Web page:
I've been thinking a lot lately about childhood (for one reason or another), and one of the things I cannot help but notice is the amazing influence technology has had on my children.
I remember thinking of all the amazing advances my grandmothers had witnessed in their lives: the invention of cars, telephones, television, commercial air travel and the invention of the computer. Wow, I used to think, how mind-blowing that all these things I take for granted didn't exist when my grandmothers were girls.
Now I pause a moment and think of the contrasts in technology between a single generation's girlhoods.
Cable. Our first converter was connected to the TV through a cord, and it was this big, brown box with buttons you pressed to get the different channels. And you had to get a special sticker from the cable company so you'd know "what cable" channel seven was on. We called it "the clicker" because that's what it did, and "remote" wasn't a concept that applied to channel changing at that time.
Mobile Phones. My first real job after university was working as a Training Instructor at Cantel (now Rogers Wireless). That was back in the days of the "brick phone", when cellular was a brand-new technology reserved for the very rich.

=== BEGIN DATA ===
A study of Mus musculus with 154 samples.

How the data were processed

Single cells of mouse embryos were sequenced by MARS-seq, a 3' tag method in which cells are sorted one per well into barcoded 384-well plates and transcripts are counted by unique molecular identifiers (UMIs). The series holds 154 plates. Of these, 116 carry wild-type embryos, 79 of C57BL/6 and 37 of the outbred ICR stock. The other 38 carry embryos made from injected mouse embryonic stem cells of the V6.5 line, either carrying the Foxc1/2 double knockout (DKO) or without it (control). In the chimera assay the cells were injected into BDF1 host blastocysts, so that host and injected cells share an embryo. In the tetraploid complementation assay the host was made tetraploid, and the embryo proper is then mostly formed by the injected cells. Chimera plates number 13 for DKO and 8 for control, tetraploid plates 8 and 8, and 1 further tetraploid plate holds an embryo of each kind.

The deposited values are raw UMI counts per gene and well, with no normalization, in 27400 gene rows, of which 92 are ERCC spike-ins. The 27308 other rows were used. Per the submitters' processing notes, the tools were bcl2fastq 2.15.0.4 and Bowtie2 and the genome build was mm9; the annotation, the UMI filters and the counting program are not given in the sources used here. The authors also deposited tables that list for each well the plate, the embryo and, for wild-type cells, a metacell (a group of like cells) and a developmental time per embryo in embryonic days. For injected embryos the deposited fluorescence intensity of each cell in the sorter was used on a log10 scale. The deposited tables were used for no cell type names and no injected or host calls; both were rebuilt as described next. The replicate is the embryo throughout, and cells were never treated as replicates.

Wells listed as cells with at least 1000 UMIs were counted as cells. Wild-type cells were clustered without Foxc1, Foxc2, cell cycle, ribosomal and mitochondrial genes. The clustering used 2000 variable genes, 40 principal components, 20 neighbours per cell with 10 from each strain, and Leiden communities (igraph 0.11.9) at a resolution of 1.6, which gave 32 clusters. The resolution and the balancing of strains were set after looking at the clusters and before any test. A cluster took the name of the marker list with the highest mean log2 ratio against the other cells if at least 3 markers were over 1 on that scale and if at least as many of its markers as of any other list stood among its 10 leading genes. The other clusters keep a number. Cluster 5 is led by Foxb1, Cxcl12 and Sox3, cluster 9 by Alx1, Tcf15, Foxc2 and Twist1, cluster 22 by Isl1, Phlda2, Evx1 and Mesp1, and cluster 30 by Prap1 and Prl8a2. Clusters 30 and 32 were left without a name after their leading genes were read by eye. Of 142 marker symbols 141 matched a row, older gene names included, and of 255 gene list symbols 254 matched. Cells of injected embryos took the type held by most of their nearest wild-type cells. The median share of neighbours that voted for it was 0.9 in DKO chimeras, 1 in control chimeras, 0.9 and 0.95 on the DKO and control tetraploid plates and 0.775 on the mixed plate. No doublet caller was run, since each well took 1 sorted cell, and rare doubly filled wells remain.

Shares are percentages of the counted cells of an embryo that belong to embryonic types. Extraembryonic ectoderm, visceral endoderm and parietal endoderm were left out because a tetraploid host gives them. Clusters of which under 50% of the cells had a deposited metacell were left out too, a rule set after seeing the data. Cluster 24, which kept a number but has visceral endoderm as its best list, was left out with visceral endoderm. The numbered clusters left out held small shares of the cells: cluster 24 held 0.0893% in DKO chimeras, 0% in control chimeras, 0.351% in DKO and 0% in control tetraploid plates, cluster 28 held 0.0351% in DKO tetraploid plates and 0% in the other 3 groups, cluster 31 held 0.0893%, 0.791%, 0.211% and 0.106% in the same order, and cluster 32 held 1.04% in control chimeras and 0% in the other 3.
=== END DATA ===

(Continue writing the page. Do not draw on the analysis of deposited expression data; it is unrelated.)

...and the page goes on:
The Internet. I was a bit of an early adopter here. I was online as early as 1993 in the university computer lab, and I bought my first modem in 1994. Back then, all we did was go to usenets. There were very few graphical websites, and in fact I remember kind of hating sites that were graphics-heavy – so slow to load that I'd type in the url, wait for the dial, hiss and beep of the modem and then go make a cup of tea and a snack while the page loaded!
My kids? Well, they'll tell stories about our first sattelite dish and PVR, and laugh about the days when your mobile phone didn't have a 6 megapixel camera and internet-browsing capability. They already use google as a verb, and soon they'll forget a whole class of letters (vowels) as they txt thr bffs.
And only a few of us old cronies, sitting in our automatic massaging ultramatic rockers at the retirement home, will chuckle at the old joke:
I tell ya! They don't tell 'em like that anymore!